Cleanliness 'a mythical concept' at Jeddah airport
A recently released survey ranked Jeddah's King Abdulaziz International Airport as the World's Worst for Overall Experience based on poor FM programmes
A recently released open-to-all survey has found Jeddah's King Abdulaziz International Airport (JED) ranked as the World's Worst for Overall Experience based on poor facilities management (FM) programmes.
Findings collected from the survey also stated that "cleanliness is but a mythical concept" at JED's Hajj terminal.
The Guide to Sleeping in Airports is produced each year following a survey by Sleeping in Airports asking travellers to rate their airport experiences, following which the 'Best' and 'Worst' international airports are ranked into multiple lists.
The latest survey received 27,880 responses, a company spokesperson told ConstructionWeekOnline.
In a list outlining the World's Worst Airports for Overall Experience, Sleeping in Airports added: "Though JED continually promises that 'next year' travellers will see a new terminal, clean toilets, more amenities, and a semblance of organisation have yet to appear.
"Instead, when you arrive at Jeddah's Hajj Terminal you walk into a terminal where cleanliness is but a mythical concept.
"The place is said to be staffed by a team of immigration officers described as 'careless', 'arrogant', and 'rude', and amenity-wise, the terminal is devoid of restaurants, shopping, and entertainment.
"During peak hours – to say nothing of when the Hajj pilgrimage rolls around – the queues are unfathomable, and there are never enough chairs to accommodate.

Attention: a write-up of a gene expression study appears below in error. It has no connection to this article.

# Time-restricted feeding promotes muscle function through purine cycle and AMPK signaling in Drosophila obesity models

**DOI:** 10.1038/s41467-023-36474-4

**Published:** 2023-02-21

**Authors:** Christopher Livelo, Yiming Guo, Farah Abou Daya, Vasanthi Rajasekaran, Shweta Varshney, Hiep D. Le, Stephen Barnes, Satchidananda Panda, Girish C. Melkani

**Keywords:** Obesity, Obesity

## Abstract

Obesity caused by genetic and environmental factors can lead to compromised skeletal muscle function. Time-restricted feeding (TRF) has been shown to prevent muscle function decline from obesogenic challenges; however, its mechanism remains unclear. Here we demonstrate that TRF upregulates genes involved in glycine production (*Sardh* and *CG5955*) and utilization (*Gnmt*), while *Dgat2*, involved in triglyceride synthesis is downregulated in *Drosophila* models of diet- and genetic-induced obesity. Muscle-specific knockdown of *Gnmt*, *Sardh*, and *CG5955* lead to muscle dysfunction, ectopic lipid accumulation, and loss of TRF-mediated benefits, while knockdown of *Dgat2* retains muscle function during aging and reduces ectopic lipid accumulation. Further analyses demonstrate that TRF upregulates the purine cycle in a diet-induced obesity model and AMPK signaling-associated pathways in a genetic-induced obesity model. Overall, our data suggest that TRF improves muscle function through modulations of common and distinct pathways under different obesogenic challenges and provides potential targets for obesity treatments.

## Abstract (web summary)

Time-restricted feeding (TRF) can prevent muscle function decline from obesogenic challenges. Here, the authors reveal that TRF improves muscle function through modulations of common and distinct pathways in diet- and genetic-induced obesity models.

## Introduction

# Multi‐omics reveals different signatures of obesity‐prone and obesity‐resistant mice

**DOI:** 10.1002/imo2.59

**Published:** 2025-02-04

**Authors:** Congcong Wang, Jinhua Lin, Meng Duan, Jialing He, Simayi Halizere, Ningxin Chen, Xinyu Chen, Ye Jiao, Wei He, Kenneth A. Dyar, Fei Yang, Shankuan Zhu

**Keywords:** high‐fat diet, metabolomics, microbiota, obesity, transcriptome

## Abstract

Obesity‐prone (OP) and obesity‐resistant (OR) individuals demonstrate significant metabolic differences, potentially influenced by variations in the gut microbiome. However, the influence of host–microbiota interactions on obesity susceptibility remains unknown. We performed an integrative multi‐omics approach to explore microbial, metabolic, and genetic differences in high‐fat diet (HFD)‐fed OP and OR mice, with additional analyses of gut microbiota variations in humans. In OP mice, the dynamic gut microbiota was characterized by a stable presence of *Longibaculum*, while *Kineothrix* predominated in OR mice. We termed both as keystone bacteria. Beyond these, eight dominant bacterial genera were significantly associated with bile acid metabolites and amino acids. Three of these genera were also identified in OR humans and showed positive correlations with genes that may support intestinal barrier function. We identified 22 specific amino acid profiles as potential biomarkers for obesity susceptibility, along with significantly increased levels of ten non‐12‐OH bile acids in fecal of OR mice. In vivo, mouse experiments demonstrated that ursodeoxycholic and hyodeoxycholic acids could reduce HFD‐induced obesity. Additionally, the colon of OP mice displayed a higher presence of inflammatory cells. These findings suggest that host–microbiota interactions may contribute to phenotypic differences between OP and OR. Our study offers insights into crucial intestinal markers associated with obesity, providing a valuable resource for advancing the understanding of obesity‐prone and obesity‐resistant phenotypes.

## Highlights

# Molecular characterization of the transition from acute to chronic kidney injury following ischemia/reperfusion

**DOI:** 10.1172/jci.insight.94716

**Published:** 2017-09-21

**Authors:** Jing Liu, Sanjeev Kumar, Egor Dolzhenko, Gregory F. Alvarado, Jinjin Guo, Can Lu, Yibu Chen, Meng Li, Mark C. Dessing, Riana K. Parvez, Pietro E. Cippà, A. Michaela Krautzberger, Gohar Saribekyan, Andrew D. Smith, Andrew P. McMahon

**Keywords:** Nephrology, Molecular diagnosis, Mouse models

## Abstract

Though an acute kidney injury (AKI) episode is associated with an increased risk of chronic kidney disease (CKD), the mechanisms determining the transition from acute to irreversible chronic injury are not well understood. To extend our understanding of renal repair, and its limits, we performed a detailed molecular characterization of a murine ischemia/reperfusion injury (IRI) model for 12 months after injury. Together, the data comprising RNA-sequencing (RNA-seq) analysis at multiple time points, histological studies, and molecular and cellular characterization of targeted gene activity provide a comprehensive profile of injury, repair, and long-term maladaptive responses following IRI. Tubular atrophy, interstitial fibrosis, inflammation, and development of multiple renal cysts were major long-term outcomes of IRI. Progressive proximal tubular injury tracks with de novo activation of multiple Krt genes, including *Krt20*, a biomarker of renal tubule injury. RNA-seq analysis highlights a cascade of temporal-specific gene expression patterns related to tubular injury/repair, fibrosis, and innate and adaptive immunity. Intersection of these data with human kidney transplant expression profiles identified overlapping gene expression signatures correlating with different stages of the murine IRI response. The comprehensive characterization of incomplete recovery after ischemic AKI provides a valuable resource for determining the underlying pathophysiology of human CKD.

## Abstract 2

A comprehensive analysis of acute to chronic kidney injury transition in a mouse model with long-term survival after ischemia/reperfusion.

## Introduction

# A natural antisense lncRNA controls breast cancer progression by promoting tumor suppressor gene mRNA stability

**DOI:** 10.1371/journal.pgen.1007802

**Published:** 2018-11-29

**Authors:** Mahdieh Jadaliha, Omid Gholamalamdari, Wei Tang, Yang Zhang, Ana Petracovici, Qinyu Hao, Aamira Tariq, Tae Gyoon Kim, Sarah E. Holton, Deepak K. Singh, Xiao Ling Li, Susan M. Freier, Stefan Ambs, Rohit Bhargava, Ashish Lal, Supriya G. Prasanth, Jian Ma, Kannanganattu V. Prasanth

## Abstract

"The thought of sleeping here during a long layover or flight delay is essentially unattainable," the report added.
JED has also been ranked as the Worst Airport for Layovers, Worst Airport in the Middle East, and Worst Airport for Sleeping.
Overall airport experience; terminal cleanliness; services, facilities and things to do; customer service; immigration and security; comfort (rest zones and gate areas), and sleepability are the factors based on which this year's respondents were requested to rate the airports.
An optional text box provided scope for additional feedback, some of which was used by Sleeping in Airports to compile its reports about the rankings.
ConstructionWeekOnline has emailed JED for comment and will update this story when the organisation responds.
According to Sleeping in Airports' website, survey participants can rate as many airports as they have visited, but they can only rate an airport once.
The latest guide was published on 15 October, following a survey that was open between 8 September 2015 and 5 September, 2016.